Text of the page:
The government of Bangladesh has extended to 2022 the deadline for a ban on cutting down trees at the country’s natural forests, a measure aimed at protecting biodiversity. Just over 10% of Bangladesh’s land area is covered by forests (871,000 ha), 30% of which are primary forests.  Just under 25% of the country’s forests are owned by local and indigenous communities, 10% are privately owned and the remainder are state-owned. Less than 4 percent of Bangladesh's original habitats remain, and virtually none of these are rainforest. Many of Bangladesh's 5,000 species of plants and 1,500 species of vertebrates are highly threatened. Several species have disappeared from the country in recent years. 
Deforestation of the foothills for fuelwood (fuelwood provides more than 60 percent of the country's energy) may contribute to periodic floods that cause widespread misery to people living in the flood plains of the Ganges-Brahmaputra system, which covers about 75 percent of the country.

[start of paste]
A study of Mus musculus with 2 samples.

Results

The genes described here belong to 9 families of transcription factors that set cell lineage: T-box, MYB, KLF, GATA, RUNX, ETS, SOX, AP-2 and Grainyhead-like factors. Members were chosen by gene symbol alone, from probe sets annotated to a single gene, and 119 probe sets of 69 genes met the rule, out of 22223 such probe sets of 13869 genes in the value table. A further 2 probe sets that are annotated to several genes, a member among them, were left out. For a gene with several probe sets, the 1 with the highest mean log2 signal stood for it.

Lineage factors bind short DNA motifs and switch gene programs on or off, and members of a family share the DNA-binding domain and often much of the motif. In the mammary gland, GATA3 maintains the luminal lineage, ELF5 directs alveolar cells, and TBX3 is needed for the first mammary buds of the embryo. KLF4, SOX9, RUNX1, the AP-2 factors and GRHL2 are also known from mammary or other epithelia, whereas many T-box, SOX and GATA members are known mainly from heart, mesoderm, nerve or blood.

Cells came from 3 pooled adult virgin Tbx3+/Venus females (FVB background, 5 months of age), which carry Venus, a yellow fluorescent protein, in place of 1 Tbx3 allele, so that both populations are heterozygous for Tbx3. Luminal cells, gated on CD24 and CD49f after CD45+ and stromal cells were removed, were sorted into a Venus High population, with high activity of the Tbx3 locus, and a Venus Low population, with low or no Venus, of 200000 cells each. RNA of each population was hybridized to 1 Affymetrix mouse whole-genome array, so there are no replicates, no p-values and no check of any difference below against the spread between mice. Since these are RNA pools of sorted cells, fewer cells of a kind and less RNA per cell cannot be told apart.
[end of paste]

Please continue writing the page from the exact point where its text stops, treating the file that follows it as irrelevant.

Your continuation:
Forest clearing has led to increased conflicts between wildlife and people. During a four-month period in 1997, elephants killed 30 people and injured over 100 as they sought food, which had become scarce due to forest clearing for agriculture. Subsistence agriculture is widespread in Bangladesh. 

A regular Cabinet meeting, chaired by Prime Minister Sheikh Hasina, on Monday approved the proposal submitted by the Ministry of Environment and Forests. Cabinet Secretary Md Shafiul Alam later told reporters that the ministry had proposed extending the ban until 2025. “But the meeting decided to extend it until 2022.”
The deadline on the ban earlier ended on Dec 31 last year. Alam said the new extended deadline would be considered to have been in effect from Jan 1 this year.